APNewsBreak: State gambling official fired for harassment
COLUMBUS, Ohio (AP) — A state gaming agent’s sexual harassment complaint against her supervisor led Ohio Casino Control Commission investigators to a larger pattern of intimidation and the man’s firing, according to records obtained by and interviews conducted by The Associated Press.
Columbus-based deputy enforcement director Mark Leatherman lost his job in May after an internal investigation, commission officials said. A termination letter cited “actions and lack of professionalism in and out of the workplace.” It was among records on the case obtained by the AP through a public records request.
A female gaming agent alleged in a February complaint that Leatherman harassed her and created a hostile work environment because she had rebuffed his sexual advances, including flirtatious text messages, in 2014. Internal investigators subsequently found Leatherman had controlled staff for years through false claims that top commission staff planned to discipline or fire them.
Neither Leatherman nor the agent returned phone and social media messages seeking comment.
Casino Control Commission Executive Director Matt Schuler said details of the Leatherman investigation were so concerning that he wove them into annual in-person ethics and sexual harassment training given to casino staff across the state.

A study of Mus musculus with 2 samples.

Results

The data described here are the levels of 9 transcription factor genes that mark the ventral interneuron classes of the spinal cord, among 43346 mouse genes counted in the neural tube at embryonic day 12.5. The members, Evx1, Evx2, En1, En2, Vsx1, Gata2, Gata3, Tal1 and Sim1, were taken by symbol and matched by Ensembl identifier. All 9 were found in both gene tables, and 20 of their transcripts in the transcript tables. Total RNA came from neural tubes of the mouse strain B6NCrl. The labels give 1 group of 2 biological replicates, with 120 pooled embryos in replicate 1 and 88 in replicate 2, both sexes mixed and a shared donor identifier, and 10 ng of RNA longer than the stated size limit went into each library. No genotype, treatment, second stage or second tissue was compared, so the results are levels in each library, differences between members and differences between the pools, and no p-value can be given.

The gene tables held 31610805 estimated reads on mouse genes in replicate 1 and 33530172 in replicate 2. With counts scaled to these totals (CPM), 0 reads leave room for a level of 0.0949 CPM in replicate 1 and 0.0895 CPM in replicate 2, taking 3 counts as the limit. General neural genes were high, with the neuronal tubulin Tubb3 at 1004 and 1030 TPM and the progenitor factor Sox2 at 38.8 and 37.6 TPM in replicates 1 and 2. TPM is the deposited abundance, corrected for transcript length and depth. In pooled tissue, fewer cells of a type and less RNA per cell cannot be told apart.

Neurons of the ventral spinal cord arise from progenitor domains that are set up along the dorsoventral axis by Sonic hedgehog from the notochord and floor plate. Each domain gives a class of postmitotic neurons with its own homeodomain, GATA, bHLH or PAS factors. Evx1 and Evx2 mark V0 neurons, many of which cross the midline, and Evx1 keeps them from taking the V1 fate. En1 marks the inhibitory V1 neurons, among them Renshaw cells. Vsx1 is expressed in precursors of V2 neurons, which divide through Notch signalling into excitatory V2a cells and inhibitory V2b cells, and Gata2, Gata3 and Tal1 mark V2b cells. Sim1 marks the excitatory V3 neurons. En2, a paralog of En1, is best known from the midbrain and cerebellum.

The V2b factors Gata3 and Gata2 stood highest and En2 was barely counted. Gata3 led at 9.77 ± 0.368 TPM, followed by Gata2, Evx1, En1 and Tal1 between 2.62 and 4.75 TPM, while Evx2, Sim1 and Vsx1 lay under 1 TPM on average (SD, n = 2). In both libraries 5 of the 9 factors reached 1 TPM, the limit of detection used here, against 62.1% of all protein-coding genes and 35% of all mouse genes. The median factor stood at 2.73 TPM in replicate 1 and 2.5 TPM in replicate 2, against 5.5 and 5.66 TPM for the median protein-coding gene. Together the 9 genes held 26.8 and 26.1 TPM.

“We used this specific situation as an object lesson to underscore our position that if anyone does anything like this and tries to create a hostile work environment that I’m going to fire them,” Schuler said. “And I believe we’re all better off for it.”
The findings unfolded from an initial complaint from the agent, who provided a pair of text messages, records show.
In the first, Leatherman asked the woman, “Do you prefer a kiss and a hug, a hug or a hand shake for a greeting?” In the second, he said he “should have never made the ‘kiss’ suggestion” and apologized for making unwanted sexual advances that made her “feel uneasy.”
“I am sorry for suggesting or asking,” he wrote. “It is obvious it really weirded you out as you could not get out of here quick enough. It is obvious you don’t look at me in that way. For the record.. I never have nor do I still think of you as being ‘easy’ or just a one night stand.”
Commission executives said in briefing the AP on the case that the agent and Leatherman had been friends prior to working together and that the second text message followed an encounter at Leatherman’s home.
After the woman’s complaint was filed, the commission immediately removed Leatherman as her supervisor. He was placed on administrative leave about two weeks later as investigators gathered witness statements that appeared to back up her claims about his misconduct, officials said.
Among allegations against Leatherman were that he fabricated disciplinary violations against his agents. In one instance, Leatherman said the agent who complained and a co-worker had made a distant, unauthorized trip to get pizza while on duty. Investigators determined the pair had picked up the pizza blocks from the casino, on their way back from trying to snag a suspect who had fled by bus.
Schuler said such tactics caused employees who worked for Leatherman to fear reporting his misconduct to Schuler, the commission legal counsel and the human resources manager responsible for handling complaints against him.